Moving Us Closer To Osler
A Miller Coulson Academy of Clinical Excellence Initiative

Partnering with patients with intellectual and developmental disabilities in medical decision-making 


When caring for patients with intellectual and developmental disabilities, explore supported decision-making options and prioritize communication needs. These steps should offer them more control over medical choices. 

Think about the last big decision you made. Maybe it was a significant purchase, a career change, or a choice about medical treatment. Did you make the decision totally on your own, or did you get the opinion of a partner, family member, or trusted friend? You may have even consulted several people as you made your decision. Seeking support when you’re making a decision is second nature for many of us, and it doesn’t have anything to do with our “capacity” to make that decision.  


But for individuals with intellectual and developmental disabilities (IDD), we often think of decision-making ability as a binary—either someone can make a decision independently, or they need a substitute decision-maker, like a guardian, conservator, or surrogate. In reality, for many people with IDD, medical decision-making is a spectrum. Inter-dependent decision-making with help from trusted supporters can help many people with IDD make their own decisions and avoid guardianship/conservatorship, which effectively strips them of ALL their legal rights. 


Supported decision-making is an emerging legal option that allows individuals with disabilities to retain their right to make choices about their lives (including medical care) with support from a team of people they choose. This video from the Special Hope Foundation explains supported decision-making and its benefits in more detail. Currently, 19 states and Washington, D.C., have laws allowing supported decision-making. (Look up your state here.) If supported decision-making isn’t an option in your area, it may be possible to incorporate its principles into existing legal structures like a power of attorney.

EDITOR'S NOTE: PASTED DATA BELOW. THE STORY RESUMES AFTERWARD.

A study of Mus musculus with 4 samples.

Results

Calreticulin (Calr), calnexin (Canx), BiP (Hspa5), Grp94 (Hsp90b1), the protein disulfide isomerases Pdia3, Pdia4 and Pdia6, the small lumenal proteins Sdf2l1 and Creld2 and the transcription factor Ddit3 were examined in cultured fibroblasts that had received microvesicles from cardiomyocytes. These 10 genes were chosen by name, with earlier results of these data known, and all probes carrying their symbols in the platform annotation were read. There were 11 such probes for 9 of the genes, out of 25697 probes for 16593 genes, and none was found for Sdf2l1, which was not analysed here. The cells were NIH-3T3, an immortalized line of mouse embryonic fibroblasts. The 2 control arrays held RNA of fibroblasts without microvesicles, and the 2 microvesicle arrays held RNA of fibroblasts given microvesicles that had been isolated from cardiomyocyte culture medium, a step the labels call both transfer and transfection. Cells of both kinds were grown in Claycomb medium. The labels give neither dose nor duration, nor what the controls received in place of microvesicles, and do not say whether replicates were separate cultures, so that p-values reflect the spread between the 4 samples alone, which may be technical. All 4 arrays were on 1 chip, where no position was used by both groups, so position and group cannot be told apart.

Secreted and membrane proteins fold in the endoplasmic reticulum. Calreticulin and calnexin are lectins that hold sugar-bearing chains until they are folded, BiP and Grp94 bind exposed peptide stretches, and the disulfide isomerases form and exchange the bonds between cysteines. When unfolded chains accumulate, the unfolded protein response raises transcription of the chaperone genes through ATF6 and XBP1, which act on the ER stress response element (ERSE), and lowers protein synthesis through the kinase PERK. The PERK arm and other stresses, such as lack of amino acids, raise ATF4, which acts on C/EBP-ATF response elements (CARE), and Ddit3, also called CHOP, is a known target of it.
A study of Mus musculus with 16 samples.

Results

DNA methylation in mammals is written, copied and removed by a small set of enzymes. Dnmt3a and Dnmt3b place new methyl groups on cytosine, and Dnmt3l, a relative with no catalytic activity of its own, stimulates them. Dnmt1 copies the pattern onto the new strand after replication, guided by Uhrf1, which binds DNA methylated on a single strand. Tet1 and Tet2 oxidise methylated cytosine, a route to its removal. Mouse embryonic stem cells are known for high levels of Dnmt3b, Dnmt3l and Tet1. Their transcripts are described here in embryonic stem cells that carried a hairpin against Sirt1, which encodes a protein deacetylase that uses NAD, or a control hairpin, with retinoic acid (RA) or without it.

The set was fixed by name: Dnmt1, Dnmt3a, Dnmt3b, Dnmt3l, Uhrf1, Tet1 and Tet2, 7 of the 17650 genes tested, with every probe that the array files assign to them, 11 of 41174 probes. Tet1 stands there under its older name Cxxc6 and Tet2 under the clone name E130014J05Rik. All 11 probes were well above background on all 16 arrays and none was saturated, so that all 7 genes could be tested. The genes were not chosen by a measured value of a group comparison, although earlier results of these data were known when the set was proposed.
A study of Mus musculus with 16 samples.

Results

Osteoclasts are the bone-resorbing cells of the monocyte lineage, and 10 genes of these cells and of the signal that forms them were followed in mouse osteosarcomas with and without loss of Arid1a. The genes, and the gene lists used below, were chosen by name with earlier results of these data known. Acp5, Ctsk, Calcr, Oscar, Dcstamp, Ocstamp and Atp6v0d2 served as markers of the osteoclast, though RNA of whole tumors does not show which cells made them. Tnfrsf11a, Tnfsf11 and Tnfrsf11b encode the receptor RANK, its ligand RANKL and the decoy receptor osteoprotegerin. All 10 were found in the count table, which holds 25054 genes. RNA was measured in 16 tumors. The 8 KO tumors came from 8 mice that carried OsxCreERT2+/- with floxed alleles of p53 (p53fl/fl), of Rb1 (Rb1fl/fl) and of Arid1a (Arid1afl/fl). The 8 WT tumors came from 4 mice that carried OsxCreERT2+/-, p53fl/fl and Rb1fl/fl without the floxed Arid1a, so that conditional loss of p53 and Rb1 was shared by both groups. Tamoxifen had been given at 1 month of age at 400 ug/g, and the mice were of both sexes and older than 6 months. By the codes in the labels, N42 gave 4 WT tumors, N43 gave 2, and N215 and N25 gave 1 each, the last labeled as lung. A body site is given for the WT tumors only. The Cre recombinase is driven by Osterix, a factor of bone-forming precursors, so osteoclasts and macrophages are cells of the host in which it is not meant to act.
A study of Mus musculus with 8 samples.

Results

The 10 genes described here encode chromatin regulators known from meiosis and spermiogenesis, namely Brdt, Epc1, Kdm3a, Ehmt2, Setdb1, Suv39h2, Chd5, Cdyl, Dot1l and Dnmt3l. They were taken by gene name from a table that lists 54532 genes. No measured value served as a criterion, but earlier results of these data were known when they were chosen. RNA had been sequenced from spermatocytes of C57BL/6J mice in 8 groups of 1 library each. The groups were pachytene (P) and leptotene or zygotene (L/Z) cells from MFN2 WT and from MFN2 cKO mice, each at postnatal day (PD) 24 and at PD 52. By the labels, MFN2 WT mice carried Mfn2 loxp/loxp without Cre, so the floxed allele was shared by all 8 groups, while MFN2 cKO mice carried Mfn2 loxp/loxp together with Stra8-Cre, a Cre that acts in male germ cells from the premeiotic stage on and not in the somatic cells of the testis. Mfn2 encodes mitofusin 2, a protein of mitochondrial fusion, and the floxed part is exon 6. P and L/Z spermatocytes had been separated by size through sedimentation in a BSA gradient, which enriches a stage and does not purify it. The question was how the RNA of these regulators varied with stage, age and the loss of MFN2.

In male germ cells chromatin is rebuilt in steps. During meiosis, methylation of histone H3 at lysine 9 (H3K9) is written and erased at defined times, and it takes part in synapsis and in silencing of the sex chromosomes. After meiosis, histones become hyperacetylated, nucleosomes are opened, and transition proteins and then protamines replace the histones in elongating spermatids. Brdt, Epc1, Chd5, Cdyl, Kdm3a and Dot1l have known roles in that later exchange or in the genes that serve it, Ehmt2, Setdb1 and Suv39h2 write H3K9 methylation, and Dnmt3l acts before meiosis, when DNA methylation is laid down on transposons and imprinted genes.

When working to determine the capacity of an individual with IDD to make decisions in their medical care, consider the following tips: 


Use a tool to help 

Several tools are available online to help providers assess decision-making capacity in patients with IDD. One excellent resource is this worksheet from the Vanderbilt Kennedy Center IDD Toolkit.  


Assume abilities 

It’s always best to enter an encounter assuming a patient will be able to be an active participant in their own healthcare. For example, an individual may be non-speaking, but this doesn’t mean they have no means to communicate a decision or can’t understand information they hear. When communicating with a patient and assessing their decision-making capacity, make sure to utilize any accommodations they routinely use, like an assistive communication device, interpreter, or trusted supporter. 


Seek collateral 

Do you have access to a psycho-educational assessment or neuropsychiatric testing for your patient? This could be part of school records or the medical record. These tests are not perfect, but they can help give a rough idea of an individual’s ability to learn and process information. Also, of course ask patients and their care partners how they receive and understand information best. 


Understanding the basics of decision-making options can help guide patients and their care partners towards the least restrictive options for medical decision-making that allow them to remain central in making choices about their own life and health. 











This piece expresses the views solely of the author. It does not represent the views of any organization, including Johns Hopkins Medicine.